Hello. And thanks for all the great information I've already found in this forum.
I'm considering building a J-box RMH heater to replace a wood stove in a finished basement. The primary issue I'm running into isn't technical; it's that my wife insists upon seeing the fire.
I'm wondering if I could strike an compromise with her if we kept both systems by joining the RMH and the wood stove into the same vertical exhaust (up through the chimney to above the roof) with in-line dampeners (such as this one) installed before each system enters the T. Effectively I was thinking that I could "toggle" between which system was being used and prevent adverse effects from back-draft into the other system.
I was thinking about building another (sturdy) platform above the 16" tall firebox where the wood stove would sit, leaving a gap large enough to still load 16" timber into the firebox.
Thoughts? Also I'm totally not wed to this idea, it's purely conceptual at this point, so if it should be a non-starter please feel free to say so
(Note: I'm also considering a batch box design w/ glass door instead ... and might end up there. Just trying to understand the design space.)
Watching the fire is definitely one of the pleasures of heating with wood.
However we (and the building inspectors) don't like to see two combustion set-ups connected to one flue.
Although as you say, it sounds fairly straightforward to toggle between them, there is a nonzero probability that at some point either exhaust will leak back down the unused fork of the chimney, or the toggle will be set wrong when lighting the operational stove, or someone will try to light both at once. It is not logically possible for the chimney to be the right size for each stove, as well as the right size if both of them are operating together, and any of these situations could cause exhaust to backdraft into the room in the wrong conditions.
Since the rocket mass heater's exhaust will often be relatively cool, in a joined exhaust it could potentially get chilled and fall back down, re-entering the room through the wood stove. And it's clean enough that it could be invisible and hard to detect, aside from a slight smoky smell. But not quite clean enough to be healthy indoor breathing air. The times the RMH exhaust is most likely to have lower heat are during a cold start, or when the stove is not running full on, and those are also the points in the burn cycle where there is a higher chance of CO and other incomplete combustion products/poisons in the exhaust.
Other ways you could do the flame-viewing thing:
- Get a rack of candles (Ianto's suggestion)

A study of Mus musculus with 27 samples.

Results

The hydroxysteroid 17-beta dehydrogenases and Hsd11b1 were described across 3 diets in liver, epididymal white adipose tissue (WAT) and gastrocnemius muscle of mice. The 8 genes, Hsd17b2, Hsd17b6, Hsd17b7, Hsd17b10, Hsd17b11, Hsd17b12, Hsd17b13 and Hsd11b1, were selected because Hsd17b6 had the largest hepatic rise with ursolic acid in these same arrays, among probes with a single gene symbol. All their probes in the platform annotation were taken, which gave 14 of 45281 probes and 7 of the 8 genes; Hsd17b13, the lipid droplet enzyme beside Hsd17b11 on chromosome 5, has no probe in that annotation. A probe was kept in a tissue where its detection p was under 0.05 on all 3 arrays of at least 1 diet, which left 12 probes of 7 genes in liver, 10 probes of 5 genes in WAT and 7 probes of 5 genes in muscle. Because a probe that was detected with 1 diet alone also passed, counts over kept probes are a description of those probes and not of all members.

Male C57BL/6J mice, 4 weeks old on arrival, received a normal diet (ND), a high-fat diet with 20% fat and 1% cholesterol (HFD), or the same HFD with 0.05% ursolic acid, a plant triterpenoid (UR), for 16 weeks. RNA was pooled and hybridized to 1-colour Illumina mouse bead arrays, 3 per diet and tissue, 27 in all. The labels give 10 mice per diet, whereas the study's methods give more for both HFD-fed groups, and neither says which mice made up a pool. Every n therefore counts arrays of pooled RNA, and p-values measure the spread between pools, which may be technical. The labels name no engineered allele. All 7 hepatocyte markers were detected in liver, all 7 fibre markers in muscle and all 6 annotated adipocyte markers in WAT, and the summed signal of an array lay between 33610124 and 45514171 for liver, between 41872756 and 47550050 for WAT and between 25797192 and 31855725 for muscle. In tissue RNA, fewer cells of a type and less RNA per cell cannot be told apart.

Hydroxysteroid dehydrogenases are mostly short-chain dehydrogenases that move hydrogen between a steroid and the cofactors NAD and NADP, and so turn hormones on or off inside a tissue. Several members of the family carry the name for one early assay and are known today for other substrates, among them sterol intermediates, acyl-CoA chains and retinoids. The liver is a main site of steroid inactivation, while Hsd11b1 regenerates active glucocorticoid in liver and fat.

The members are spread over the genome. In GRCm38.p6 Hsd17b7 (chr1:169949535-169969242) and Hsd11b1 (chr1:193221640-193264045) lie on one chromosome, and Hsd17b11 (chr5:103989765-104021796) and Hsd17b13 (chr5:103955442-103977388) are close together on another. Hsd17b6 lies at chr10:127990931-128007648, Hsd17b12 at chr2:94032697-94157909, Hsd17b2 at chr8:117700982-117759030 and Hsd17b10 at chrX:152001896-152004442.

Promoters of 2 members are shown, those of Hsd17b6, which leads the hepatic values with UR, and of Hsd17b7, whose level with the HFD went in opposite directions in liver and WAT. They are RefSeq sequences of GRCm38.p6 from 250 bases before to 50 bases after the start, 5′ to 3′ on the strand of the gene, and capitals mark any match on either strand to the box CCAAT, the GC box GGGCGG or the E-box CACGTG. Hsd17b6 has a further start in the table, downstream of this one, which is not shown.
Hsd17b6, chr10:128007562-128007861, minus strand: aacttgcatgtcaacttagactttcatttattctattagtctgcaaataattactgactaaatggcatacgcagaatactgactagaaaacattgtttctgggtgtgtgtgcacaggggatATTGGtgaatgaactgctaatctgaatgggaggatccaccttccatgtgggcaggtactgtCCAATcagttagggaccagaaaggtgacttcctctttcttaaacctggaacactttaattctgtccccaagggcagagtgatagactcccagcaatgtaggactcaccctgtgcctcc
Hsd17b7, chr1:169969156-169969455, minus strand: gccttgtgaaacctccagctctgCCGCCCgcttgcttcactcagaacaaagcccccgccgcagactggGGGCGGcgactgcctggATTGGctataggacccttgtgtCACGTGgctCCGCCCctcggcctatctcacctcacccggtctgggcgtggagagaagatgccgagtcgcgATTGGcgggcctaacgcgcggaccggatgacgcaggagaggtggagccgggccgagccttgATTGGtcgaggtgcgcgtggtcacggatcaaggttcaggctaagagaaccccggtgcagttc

- Have a separate stove or fireplace with a separate chimney. Through-roof kits for chimneys are commonly available, much more so than custom-cut ceramic glass.
- Place a reflective metal panel or convex mirror above the feed, to reflect the flickering light into the room
- Place a comfortable chair near the feed, or build the bench and firebox in such a way that the feed is easily observed from a comfortable spot on the heated bench, to allow the lady of the house to sit and gaze into its hidden depths
- Consider a more technically challenging, but equally clean burning, batch-box style firebox, and get a custom door made with ceramic glass that can withstand the (slightly less intense and more evenly distributed) heat of the initial-stage batch fire. You won't be able to see the double-rams-head vortex in the secondary burn chamber, but not many ever do.
- Consider a small, careful window of ceramic glass in the coolest point in the feed, maybe 9" by 9" replacing a couple of bricks in the feed of the J-style firebox. Maybe double pane, to reduce the heat shock on each individual pane. You will need to do some careful detailing, bedding the glass with fiberglass gasket, or getting it set in a steel frame with tabs and gasket to be inset into the brickwork.
The insulation matters least on the short end of the J, most around the heat riser; a small window at the first corner of the J could be done without compromising the heater's operation too much. Matt Walker did a few stoves with windows in various places, and the ceramic glass holds up well. Workmanship is key to making it work, rather than have a leaky firebox.
- One of our local boilermakers wants to try ceramic glass directly above the heat riser, in place of the barrel top. I don't know how well it will hold up to the asymmetrical heat source blasting its center, but the light show on the ceiling could be phenomenal. This is an "at your own risk" suggestion as I do not yet know of a successful prototype that has tried it.
I might suggest searching the forums using the "search" button near the upper right, and entering "rocket" and "watch the fire."
Or do a similar Google search that will let you put those quotes around "see the fire", like this: (copy and paste what's below into a Google search bar)
rocket heater ("see the fire" OR "see the flames" OR "watch the fire")
You may find more recent projects with flame-viewing windows that I haven't spotted yet, and you can also ask them about how clean the thing is burning as a result. Get them to inspect the stovepipe and get it on camera, or something.
You will not be able to sell your house if you do that.
It is against most building codes, as well as against most insurance policies, making the house almost impossible to sell should you ever want to do so in the future.
posted 1 year ago
Wow that was really quick and quite thorough reply. Thanks; that's exactly what I was looking for Erica. (And I'm amazed that the author I just bought a book from responded ... that's pretty darn rad.) I'll dig into the other options that you suggested, especially the Batch Box or adding the door to the J box.
Acknowledged this is a bad idea; idea scrapped. Thank you.